In this Oct. 30, 1974 file photo, challenger Muhammad Ali watches as defending world champion George Foreman goes down to the canvas in the eighth round of their WBA/WBC championship match in Kinshasa, Zaire (Photo Credit: AP Photo/File).
He Must Have Been the Greatest
It is sad that when it comes to the most talkative icon in the world dying, I am speechless.
Muhammad Ali tributes have come pouring in since his death a week ago today, and after awhile they become extremely redundant.
We have heard his famous quotes constantly.
We have seen the re-airing of his classic fights.
And we have heard everyone else’s stories of how he impacted their life.
I do not have a personal story about Ali, but I do have personal stories about his opponents.
And it says something special about an athlete when I can have a personal relationship with his opponents and still look at him as my favorite athlete of all time.
While I do not remember Ali’s last fights in the early 1980s, on the day I was born Muhammad Ali reigned as the heavyweight champion of the world.
Nevertheless, I did not grow up in a household with constant stories of Ali.
I grew up in a home with constant stories of George Foreman.
On his way to becoming heavyweight champion of the world by destroying the late, great Joe Frazier, Foreman purchased a house in Houston’s Scenic Woods neighborhood for his mother.
Although Foreman became a legend on the streets of Fifth Ward in Houston, Scenic Woods became his de facto stomping grounds.
He would train in Scenic Woods, running everyday as a part of his conditioning.
During this training he became friends with a young cat fresh out of Southern University, my father.
Young Foreman and young Smith became jogging partners.
Although Foreman’s conditioning was probably on another level than my father’s, my dad would train with him nonetheless.
My mother still tells the story about how she would stand in the doorway pregnant with my sister as George jogged in place, and shout, “Honey, George is out there.”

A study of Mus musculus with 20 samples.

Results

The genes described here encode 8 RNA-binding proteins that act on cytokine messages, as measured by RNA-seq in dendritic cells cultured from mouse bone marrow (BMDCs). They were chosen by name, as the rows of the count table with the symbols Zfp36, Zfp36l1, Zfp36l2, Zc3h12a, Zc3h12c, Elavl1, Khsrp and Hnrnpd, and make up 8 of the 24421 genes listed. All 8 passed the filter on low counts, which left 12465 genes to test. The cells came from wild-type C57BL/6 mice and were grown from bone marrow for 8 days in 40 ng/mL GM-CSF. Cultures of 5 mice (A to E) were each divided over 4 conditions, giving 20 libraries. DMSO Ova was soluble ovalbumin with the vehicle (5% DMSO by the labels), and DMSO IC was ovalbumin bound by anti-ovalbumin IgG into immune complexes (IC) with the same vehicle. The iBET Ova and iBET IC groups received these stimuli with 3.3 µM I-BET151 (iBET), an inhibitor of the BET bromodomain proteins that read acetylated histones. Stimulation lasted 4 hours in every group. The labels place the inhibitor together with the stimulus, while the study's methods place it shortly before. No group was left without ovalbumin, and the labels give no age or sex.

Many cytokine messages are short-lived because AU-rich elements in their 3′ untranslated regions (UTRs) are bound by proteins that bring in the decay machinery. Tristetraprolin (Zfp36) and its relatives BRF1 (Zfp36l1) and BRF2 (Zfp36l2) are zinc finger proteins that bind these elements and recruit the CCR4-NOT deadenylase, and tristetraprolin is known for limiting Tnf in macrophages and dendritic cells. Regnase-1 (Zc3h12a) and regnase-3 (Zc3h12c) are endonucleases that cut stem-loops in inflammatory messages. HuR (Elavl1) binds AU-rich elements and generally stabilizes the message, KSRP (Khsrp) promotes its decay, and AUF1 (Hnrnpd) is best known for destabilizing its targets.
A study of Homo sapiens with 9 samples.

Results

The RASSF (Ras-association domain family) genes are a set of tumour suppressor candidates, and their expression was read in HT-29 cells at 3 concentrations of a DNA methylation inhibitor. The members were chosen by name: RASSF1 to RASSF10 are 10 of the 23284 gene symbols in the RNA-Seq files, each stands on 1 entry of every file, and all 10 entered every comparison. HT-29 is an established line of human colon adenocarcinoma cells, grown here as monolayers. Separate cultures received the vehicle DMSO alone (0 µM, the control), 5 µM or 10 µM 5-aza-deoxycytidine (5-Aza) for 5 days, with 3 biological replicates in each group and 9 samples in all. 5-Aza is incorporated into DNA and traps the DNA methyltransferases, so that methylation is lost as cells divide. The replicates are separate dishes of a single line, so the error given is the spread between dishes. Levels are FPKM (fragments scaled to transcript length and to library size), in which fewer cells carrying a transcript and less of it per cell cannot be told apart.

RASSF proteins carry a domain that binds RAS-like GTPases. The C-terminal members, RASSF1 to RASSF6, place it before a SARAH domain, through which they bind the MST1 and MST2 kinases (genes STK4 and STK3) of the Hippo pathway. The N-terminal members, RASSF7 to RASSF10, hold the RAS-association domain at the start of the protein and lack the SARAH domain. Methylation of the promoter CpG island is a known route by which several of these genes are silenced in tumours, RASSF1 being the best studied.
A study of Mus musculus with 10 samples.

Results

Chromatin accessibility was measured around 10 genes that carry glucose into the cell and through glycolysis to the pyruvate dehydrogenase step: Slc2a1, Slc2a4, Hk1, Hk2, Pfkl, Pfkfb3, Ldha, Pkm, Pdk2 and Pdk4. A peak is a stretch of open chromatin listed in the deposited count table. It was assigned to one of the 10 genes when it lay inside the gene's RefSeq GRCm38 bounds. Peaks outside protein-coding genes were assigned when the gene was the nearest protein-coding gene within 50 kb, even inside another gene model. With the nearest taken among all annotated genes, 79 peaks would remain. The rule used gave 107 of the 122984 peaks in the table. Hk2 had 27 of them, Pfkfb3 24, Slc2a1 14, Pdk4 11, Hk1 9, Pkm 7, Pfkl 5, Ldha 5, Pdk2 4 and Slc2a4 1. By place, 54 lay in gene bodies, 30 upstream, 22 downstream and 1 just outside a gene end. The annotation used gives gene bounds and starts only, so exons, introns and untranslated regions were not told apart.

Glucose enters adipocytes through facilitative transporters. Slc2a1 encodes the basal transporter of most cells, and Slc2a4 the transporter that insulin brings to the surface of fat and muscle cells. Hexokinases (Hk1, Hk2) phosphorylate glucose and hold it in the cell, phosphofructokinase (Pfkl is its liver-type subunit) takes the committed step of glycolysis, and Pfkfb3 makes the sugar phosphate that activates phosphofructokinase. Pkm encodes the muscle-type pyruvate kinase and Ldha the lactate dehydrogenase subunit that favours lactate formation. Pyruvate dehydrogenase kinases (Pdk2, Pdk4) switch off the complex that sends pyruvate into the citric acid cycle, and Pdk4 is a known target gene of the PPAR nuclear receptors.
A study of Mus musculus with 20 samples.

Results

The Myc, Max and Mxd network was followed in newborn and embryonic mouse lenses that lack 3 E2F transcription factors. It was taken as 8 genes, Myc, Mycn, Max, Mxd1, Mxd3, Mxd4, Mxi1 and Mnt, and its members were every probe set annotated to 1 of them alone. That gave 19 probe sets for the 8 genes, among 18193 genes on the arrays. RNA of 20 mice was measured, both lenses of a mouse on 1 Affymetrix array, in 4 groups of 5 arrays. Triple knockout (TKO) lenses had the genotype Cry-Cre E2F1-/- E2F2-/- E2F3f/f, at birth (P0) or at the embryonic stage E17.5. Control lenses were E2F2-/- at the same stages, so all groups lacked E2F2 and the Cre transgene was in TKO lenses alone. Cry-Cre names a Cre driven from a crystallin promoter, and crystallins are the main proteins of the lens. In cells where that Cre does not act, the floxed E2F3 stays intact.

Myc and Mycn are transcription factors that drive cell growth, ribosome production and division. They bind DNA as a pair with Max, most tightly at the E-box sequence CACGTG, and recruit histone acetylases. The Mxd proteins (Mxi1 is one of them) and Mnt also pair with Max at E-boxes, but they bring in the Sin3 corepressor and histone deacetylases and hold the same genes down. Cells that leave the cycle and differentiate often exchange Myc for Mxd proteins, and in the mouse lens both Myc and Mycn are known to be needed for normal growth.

She would go on to say that my father sometimes did not look too happy because George probably exercised him into the ground.
But how do you turn down the future heavyweight champion of the world when they want to hang with you?
Furthermore, how do you later say no to the man that pushed Frazier around like a ragdoll to become the heavyweight champion and become the most feared man on the planet?
My older cousins, aunts and uncles still talk about getting autographs from the new heavyweight champion of the world when they would come to visit my parents and sister.
Fast-forward 40 years.
I became an adjunct journalism professor at Texas Southern University and one of my former students just so happened to be named George “G4” Foreman IV.
The family connection had now spanned two generations.
However, despite having many George Foreman grills at my house and being connected to the Foreman family, Ali was still my hero.
When I wore an Ali t-shirt with him towering over Sonny Liston in their second fight in Lewiston, Maine, “G4” called me out.
He did not want to have to look at the man that had taken his dad’s heavyweight championship belt for an entire hour.
Despite calling me out, “G4” did it with a smile because he knew that even despite the personal connection, Ali was on another level.
That was because he represented strong Black manhood at a time when society relentlessly tried to emasculate Black men regularly.
He represented resiliency in the ring. Now, we live in a society when athletes seem to quit in the middle of battle when things do not go their way.
And although he believed in a different religion than me, he gave me strength to be as unapologetically Christian as I wanted to be, regardless of potential consequences.
Whenever I see the Foremans, young and old, they show love and I reciprocate.
They are my friends and are friends to my company, Regal Media Group, LLC.
However, Ali way my hero and while he does not transcend race as some people try to say, his greatness was so great it did transcend friendships and personal connections.
When you know someone personally, and his or her nemesis was still your hero, then that person truly had to be the greatest.